Michael Andrade was trying to get ready for church when he came face to face with racism.
The 57-year-old was inside his restaurant, Caribbean Eatery, not far from downtown St. Catharines.
"I got here Sunday, warming up some patties for the church … I looked in the back there and I saw this car with n----r written on it and I'm like, 'What's going on here?'" he told CBC Hamilton in an interview.
"I never experienced that. I've been here since 1986 … it took a little toll on me."
The vandalism he saw in the parking lot outside his restaurant is part of a string of racist and homophobic graffiti in the area that's being investigated by Niagara police.
The police were initially investigating vandalism at Harriet Tubman Public School just five minutes away, but have since found 13 incidents of hateful graffiti, including on:
Two school buses.
The vandals struck Saturday night around 10 p.m. ET, according to police and surveillance footage Andrade captured.
The cost of the damage is over $5,000, police say.
The first suspect is described as a man with a medium build wearing light-coloured pants, a light-coloured sweater, a baseball hat and black Nike shoes. Police also say he used his left hand.
The second suspect is described as a thin man wearing a striped hooded sweater, pants, light-coloured shoes and a flat brimmed baseball hat.
Officers say the suspects likely walked on foot and were on George, Catherine, Albert, Henry and Louisa streets.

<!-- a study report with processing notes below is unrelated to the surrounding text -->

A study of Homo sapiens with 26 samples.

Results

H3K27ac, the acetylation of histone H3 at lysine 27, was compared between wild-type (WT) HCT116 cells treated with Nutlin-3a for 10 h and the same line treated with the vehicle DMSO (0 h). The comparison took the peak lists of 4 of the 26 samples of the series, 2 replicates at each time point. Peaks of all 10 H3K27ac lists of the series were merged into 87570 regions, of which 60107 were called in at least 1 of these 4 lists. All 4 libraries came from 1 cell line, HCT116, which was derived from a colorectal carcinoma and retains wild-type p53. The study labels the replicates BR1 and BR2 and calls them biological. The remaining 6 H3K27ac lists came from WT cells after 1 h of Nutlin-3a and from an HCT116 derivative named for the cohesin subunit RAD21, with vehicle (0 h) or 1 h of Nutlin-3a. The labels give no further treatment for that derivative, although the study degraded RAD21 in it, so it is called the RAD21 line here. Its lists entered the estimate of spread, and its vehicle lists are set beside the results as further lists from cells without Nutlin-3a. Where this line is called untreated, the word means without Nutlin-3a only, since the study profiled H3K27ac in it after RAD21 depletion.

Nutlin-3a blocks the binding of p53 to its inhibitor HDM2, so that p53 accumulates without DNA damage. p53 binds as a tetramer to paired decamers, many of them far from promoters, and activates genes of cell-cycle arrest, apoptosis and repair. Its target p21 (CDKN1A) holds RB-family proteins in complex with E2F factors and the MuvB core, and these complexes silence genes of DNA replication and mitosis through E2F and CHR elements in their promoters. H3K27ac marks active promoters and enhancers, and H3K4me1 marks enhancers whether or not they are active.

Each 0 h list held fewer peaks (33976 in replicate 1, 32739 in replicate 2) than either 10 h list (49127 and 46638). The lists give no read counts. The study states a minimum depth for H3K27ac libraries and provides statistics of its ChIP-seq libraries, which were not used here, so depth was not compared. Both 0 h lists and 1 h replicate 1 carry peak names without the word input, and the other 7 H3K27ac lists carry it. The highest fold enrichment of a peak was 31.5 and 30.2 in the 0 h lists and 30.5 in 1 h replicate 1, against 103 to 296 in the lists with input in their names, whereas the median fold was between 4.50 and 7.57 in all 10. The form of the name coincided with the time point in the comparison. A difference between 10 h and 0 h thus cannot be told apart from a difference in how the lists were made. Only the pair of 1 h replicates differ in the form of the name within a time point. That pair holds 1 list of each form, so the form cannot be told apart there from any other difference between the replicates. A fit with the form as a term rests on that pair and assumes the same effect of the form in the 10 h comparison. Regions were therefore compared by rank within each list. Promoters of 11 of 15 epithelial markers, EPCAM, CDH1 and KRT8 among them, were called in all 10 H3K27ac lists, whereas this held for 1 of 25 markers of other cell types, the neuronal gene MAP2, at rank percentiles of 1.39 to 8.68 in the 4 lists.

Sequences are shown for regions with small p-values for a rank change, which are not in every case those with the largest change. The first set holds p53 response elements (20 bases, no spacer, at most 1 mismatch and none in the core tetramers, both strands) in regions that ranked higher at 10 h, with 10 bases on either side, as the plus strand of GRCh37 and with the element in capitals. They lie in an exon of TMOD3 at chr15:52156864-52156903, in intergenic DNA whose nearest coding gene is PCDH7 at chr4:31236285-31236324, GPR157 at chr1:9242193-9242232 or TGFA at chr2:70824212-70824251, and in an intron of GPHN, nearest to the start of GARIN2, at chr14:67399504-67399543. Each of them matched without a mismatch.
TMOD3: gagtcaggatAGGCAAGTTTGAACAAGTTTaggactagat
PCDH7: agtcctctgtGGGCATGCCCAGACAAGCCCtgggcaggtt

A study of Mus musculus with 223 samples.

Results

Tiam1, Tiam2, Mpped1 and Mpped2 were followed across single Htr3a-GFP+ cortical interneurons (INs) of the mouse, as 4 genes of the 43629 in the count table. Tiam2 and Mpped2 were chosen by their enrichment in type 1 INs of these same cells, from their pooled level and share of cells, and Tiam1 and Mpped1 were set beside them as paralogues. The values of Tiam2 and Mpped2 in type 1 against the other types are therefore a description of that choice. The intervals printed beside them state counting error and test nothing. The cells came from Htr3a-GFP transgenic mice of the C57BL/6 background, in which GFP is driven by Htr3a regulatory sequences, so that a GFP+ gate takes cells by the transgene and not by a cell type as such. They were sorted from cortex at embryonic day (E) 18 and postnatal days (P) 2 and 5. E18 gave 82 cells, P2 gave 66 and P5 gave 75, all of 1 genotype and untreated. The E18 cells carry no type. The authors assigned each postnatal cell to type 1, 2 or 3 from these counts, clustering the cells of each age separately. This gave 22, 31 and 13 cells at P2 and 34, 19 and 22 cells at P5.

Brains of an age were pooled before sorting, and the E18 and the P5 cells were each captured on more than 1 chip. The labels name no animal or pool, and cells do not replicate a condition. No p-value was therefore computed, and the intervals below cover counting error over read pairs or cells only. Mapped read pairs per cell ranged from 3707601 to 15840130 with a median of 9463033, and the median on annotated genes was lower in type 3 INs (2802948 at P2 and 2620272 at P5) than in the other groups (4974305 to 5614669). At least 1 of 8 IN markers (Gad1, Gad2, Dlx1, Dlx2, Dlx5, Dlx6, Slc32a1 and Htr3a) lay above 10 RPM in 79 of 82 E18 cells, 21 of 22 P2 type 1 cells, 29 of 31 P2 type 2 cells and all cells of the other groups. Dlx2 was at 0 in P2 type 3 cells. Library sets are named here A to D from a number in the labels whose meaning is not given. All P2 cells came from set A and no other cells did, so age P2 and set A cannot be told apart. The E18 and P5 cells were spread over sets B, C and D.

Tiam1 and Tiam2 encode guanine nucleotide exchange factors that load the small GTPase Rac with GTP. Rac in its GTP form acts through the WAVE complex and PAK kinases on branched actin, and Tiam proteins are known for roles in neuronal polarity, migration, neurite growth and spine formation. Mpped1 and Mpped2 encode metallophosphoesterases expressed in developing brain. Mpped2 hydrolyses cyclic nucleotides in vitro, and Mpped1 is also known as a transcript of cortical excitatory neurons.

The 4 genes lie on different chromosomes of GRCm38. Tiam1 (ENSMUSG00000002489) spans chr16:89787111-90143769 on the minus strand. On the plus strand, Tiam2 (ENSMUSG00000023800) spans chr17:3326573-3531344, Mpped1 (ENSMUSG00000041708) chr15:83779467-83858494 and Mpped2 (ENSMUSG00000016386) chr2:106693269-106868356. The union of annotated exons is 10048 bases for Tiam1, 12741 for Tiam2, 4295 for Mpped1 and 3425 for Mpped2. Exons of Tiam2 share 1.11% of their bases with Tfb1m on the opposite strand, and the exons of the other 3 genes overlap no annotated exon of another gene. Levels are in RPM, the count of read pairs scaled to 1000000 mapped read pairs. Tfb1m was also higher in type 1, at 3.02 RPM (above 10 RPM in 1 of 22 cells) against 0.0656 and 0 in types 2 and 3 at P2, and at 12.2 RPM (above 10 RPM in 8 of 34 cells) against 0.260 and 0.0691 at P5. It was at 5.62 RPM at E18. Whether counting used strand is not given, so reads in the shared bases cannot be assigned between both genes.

Police are asking for any video footage that could help identify the vandals.
Community condemns hateful vandalism
Saleh Waziruddin, a member of Niagara Region Anti-Racism Association's executive committee, lives near the area and said he's concerned about the "brazen" nature of the vandalism.
"It's horrifying … they're just walking around without any worry of being caught or anything like that. It needs to be shut down," he said.
"Moments away from where I'm sleeping … this kind of violence is going on. It makes you feel very unsafe."
Andrade said the racist graffiti hits even closer to home because his granddaughter is a student at Harriet Tubman Public School, and the mass shooting at Tops supermarket in Buffalo, N.Y., where 10 Black people were killed, was so recent.
"If these guys can ... take their time to do all this, what's next … it makes you think twice," Andrade said.
"We send men to the moon, we do all these things and still we can't get along … I don't understand why people can't see past colour."
Mayor Walter Sendzik said in a public statement that hate has no place in the city.
"The words used are charged with white supremacy thinking — the actions point to a poisonous way of thinking. When these despicable acts take place, we need to call it out forcefully and show support to those impacted by the hate-fuelled vandalism," he wrote.
Waziruddin said he has a message for the vandals.
"They better stop because people aren't going to take it and they better turn themselves in. Somebody knows who they are."
He also has a message for the community.
"We can't rest easy. We can't think this is not going to get worse."
For more stories about the experiences of Black Canadians — from anti-Black racism to success stories within the Black community — check out Being Black in Canada, a CBC project Black Canadians can be proud of. You can read more stories here.